CHARLESTON, W.Va. (AP) -- West Virginia's Supreme Court has upheld the 2007 firing of longtime Archives and History Director Fred Armstrong.
Tuesday's unanimous decision agreed with earlier rulings that found Armstrong failed to show that his firing violated a substantial public policy.
Armstrong had overseen Archives and History since 1985. But he was also an at-will employee and not protected by the state's civil service system when Culture and History Commissioner Randall Reid-Smith fired him in November 2007. Reid-Smith did not tell Armstrong why he was fired.
Tuesday's opinion notes that the commissioner later testified that he felt Armstrong was not a team player and difficult to get along with. Reid-Smith also considered Armstrong insubordinate for objecting to such decisions as a plan to put a restaurant in the state Culture Center.
The Huntington native will become director of the state Division of Culture and History's Archives and History Section effective Jan. 1.
He will be responsible for administering the state archives, archives library, historical collections and the database for the Veterans Memorial.
He has been interim director since November 2007, when longtime director Fred Armstrong was fired without explanation.
Geiger had been assistant director since 1998, and served as the office's historian and Web master.
Members of the West Virginia Historical Society honored Fred Armstrong with the Virgil A. Lewis award.
Armstrong was the WV archivist director before losing his job last month.
Armstrong says receiving this award is bitter sweet. "I'm humbled as I said...I'm also a little bit embarrassed because I never expected to be as I said the red nose on the reindeer pointing this out."
The historical society is the same group that protested outside the Capitol over Armstrong's dissmisal.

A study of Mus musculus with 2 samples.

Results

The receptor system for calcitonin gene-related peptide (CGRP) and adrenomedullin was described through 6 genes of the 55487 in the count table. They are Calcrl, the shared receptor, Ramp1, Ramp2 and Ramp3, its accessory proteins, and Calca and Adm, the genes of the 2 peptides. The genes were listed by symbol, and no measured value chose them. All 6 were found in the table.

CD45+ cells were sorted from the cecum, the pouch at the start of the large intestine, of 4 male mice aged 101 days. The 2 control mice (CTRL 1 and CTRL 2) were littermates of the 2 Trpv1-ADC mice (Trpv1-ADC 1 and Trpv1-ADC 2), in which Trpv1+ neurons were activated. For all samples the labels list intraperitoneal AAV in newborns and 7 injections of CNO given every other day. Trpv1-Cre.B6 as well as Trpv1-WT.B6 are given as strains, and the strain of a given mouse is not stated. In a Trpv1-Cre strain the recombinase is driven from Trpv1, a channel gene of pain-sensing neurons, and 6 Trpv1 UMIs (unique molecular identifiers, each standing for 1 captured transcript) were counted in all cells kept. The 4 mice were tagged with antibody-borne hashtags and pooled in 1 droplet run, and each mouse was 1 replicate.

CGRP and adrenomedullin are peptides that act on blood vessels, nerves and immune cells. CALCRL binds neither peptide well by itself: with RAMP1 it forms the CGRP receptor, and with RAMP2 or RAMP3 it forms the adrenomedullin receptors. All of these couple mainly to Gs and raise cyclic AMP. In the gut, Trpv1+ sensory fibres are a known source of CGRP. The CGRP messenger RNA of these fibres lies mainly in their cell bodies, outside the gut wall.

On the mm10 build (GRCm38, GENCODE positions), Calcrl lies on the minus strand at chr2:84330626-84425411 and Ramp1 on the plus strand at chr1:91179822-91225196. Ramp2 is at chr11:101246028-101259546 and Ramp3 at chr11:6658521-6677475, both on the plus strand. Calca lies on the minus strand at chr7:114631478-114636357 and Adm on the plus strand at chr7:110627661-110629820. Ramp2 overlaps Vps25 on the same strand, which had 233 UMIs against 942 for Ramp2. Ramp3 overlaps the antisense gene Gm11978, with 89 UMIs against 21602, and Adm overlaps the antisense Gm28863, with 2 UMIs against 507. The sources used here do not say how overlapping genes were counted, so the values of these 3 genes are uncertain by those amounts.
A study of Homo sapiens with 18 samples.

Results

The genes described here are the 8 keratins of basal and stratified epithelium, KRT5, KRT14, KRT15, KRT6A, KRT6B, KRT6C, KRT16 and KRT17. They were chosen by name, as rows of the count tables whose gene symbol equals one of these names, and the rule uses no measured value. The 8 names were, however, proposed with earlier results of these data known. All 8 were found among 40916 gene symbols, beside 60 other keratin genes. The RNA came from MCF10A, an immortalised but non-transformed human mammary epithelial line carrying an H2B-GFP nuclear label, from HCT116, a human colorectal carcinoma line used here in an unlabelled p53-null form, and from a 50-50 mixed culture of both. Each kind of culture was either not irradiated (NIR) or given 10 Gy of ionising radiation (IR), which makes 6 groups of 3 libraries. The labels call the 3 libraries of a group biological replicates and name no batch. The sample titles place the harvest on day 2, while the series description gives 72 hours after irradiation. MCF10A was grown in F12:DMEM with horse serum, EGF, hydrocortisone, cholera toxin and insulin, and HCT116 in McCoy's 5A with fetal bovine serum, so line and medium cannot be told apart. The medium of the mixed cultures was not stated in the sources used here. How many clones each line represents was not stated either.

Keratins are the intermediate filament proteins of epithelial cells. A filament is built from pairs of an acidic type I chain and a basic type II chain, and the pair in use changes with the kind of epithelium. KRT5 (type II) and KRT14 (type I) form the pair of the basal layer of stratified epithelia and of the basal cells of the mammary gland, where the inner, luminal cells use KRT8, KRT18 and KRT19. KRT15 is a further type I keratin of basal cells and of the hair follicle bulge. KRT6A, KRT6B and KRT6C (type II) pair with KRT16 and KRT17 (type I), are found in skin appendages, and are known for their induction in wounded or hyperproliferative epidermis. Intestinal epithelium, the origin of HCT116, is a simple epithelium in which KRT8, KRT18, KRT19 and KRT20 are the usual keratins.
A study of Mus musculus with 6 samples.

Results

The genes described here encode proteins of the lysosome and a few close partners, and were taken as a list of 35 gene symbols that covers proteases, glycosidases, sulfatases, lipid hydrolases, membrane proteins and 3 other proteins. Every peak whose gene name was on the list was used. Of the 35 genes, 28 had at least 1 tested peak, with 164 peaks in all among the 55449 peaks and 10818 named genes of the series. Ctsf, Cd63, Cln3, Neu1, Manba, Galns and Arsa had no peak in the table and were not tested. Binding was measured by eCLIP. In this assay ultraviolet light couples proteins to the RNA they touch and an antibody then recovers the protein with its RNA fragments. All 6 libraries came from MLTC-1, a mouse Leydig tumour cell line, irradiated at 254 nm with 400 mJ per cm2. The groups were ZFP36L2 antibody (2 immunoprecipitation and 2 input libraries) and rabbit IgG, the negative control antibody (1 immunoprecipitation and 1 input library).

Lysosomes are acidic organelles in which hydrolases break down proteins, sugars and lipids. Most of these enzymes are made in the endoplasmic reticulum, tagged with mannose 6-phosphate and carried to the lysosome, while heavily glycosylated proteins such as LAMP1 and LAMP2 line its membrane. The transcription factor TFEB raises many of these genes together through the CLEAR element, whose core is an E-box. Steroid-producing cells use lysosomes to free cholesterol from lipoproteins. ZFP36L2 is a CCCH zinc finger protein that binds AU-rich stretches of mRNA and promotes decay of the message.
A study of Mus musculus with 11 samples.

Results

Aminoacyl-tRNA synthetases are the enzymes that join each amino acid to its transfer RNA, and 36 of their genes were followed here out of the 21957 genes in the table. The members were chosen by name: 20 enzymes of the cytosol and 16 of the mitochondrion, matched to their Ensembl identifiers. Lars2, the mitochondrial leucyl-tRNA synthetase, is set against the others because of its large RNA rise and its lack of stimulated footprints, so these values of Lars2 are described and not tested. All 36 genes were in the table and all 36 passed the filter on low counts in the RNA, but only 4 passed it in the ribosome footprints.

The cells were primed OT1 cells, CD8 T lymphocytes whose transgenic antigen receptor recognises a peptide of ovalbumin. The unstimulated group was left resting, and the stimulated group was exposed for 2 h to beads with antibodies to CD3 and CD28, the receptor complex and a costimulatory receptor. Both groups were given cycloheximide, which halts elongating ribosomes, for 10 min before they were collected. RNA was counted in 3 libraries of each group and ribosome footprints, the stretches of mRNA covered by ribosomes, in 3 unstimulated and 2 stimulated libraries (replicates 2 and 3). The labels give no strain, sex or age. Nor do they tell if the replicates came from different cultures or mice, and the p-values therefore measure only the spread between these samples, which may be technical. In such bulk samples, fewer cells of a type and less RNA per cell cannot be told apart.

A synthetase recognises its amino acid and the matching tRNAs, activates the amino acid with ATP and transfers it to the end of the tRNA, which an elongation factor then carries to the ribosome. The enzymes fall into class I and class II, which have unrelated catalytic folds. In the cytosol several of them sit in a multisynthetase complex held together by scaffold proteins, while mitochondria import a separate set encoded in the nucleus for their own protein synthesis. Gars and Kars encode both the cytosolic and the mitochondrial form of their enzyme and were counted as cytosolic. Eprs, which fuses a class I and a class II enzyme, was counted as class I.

Members of the group "Mining Your History" say Fred Armstrong was fired because he was trying to protect history.
The Manchin administration wants to move the archives in with the state library. Things in the library can be taken home. Archive items cannot.
One supporter said, " You don't mix lending library information and archive library information together because somebody could walk out with a very valuable book."
Others are opposed to having food in the same building where the archives are located.
"You don't put food into archival places because the food is going to draw very vermin and rodents which are going to attack the archival records."
Supporters say Armstrong was standing up for the preservation of the states history and now it's under attack.
Fred Armstrong was fired last week. For decades Armstrong was West Virginia's State Director of Archives.
After serving the state for years Armstrong was given a termination letter last week and told to leave the building immediately.
Armstrong was a familiar and friendly face in the capitol. He thinks he was let go because he did not want to move the states archives to make room for a new cafeteria.
Friday, we asked Governor Joe Manchin about Armstrong's abrupt departure. Manchin said current laws prevent dismissals from happening any other way.
Armstrong says he received a letter of termination Thursday morning at a meeting with Culture and History Commissioner Randall Reid-Smith. Armstrong says no reason was given but the letter directed him to immediately leave the state Cultural Center at the Capitol Complex.
Armstrong had served Archives and History director since 1985.
He says he doesn't know why he was fired, and he's bitter about the way his dismissal was handled. He says a security guard came to escort him out of the building.
Reid-Smith was out of town yesterday afternoon. Culture and History spokeswoman Jacqueline Proctor couldn't be reached for comment and Manchin spokeswoman Lara Ramsburg said she couldn't comment because it was a personnel matter.